It’s Not New, It’s Just Cheaper and Easier

John over at Full Bleed Arts Marketing has a post that made me think.  With all the tools at our disposal today, we seem to be more internally focused than ever!  Maybe the fact that we now interact so much digitally means that we’ve lost the ability to think about humans being on the end of our messages.

Sales and marketing, for all the hype, are in my opinion the hardest to technologically leverage – because it depends on good ol’ human nature.  And that hasn’t changed since “the conversation” was scrawled on a cave wall.  Whether you are a “drummer” in the 1880’s hopping the next train to call on the local dry goods merchant or the most Facebooked and Twittered “social media expert”, persuasion and communication is still your stock in trade.   We just do it with a button push instead of a two-day train ride now.

I remember being in a sales position years ago, back when trade shows and that kind of marketing was the norm.  Going to each one was a gamble.  The costs were usually outrageous, and based on the show’s draw.  You were literally priced out of the market on the bigger well-attended shows, unless you could really convert your contacts at the show to sales.  If all you did was stand there and collect business cards without making some kind of human connection, any follow-up contact after the show was pretty much wasted.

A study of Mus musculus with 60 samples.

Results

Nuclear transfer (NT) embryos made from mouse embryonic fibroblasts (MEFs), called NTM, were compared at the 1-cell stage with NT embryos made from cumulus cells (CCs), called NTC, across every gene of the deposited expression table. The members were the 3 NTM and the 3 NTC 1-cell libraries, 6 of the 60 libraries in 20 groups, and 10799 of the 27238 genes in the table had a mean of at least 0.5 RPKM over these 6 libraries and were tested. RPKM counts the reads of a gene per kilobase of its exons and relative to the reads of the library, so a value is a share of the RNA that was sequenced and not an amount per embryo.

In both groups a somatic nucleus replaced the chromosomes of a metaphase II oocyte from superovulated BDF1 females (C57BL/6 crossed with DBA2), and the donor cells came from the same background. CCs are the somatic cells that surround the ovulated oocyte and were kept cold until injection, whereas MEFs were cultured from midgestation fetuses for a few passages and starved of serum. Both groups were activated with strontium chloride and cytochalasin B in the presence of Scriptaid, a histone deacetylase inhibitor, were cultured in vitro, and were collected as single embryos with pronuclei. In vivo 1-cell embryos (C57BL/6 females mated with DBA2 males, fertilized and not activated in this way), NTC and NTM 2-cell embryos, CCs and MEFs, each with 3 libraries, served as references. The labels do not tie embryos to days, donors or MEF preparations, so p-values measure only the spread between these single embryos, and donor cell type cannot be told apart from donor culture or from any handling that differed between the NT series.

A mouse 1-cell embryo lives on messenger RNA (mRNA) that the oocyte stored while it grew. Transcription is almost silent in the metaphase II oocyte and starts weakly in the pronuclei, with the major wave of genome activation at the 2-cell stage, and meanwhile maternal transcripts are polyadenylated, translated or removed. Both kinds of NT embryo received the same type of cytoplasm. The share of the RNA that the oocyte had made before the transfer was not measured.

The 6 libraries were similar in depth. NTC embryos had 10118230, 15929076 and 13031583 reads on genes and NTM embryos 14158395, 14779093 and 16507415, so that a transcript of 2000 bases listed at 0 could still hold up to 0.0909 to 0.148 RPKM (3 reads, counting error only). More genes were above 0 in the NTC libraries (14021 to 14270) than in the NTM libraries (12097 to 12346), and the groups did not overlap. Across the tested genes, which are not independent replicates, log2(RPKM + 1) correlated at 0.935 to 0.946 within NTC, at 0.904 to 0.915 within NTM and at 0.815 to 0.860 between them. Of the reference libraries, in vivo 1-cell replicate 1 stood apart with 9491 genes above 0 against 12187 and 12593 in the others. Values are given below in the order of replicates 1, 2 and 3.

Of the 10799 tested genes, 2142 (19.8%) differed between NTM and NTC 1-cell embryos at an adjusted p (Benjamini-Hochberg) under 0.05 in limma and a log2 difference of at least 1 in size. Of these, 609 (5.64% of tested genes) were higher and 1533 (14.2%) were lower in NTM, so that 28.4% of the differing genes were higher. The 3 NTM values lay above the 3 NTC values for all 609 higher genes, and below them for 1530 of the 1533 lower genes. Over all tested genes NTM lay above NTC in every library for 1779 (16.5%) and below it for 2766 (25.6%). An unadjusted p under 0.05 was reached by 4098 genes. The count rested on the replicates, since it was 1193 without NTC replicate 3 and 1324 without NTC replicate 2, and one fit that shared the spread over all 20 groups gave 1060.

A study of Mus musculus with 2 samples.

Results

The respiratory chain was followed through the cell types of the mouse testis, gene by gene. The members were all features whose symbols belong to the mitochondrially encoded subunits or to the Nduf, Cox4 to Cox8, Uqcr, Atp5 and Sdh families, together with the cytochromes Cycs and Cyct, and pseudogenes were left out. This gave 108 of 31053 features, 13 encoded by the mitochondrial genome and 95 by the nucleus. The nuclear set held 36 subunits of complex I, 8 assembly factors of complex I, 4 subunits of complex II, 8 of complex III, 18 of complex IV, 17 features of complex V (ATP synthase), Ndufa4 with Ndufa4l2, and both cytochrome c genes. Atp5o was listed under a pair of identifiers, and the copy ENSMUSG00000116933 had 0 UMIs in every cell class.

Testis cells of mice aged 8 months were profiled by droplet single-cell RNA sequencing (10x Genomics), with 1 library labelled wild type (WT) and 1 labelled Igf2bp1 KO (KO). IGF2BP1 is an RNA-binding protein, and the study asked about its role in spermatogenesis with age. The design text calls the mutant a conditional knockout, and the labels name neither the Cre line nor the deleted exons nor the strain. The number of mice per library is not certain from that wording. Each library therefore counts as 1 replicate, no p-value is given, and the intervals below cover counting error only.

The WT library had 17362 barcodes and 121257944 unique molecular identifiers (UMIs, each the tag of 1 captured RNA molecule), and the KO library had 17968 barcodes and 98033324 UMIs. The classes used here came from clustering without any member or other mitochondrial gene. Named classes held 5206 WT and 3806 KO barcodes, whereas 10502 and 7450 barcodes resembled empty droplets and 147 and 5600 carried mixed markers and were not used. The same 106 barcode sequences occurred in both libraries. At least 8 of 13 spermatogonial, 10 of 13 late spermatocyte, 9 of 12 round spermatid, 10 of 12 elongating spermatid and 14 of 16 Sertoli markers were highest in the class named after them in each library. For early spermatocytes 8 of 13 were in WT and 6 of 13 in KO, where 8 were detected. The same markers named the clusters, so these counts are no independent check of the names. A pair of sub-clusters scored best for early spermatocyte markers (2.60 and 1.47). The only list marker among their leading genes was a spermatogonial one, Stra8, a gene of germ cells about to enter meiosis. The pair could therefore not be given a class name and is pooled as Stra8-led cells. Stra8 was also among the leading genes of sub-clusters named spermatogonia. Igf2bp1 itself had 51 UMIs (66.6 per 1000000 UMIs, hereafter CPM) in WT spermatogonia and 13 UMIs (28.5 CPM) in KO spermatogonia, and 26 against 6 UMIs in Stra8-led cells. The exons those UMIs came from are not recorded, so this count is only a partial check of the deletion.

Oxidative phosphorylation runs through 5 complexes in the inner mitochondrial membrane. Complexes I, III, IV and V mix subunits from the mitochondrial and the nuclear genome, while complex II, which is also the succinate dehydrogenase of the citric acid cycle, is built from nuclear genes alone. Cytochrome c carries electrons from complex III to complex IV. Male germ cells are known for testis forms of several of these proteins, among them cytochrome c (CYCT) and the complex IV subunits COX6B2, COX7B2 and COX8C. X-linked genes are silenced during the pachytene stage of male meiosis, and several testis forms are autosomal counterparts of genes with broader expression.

I think the same applies today to the newer tools.  My relatively brief Twitter experience really only garnered me a bunch of impersonal link-blasts.  Most of the email lists I have subscribed to, or documents I’ve been able to download from someone’s site or blog have been pretty generic, hoping to cast the net as wide as possible.  Most of it is just rehashes of rehashed information.  It is almost as if our ability to broadcast our message easily and for free has made us make the message more impersonal.

You’ve still got to connect, human to human.  And the principles for doing that have never changed, and never will.  It’s the one part of the world that will never be quantified, no matter how many databases are at our disposal.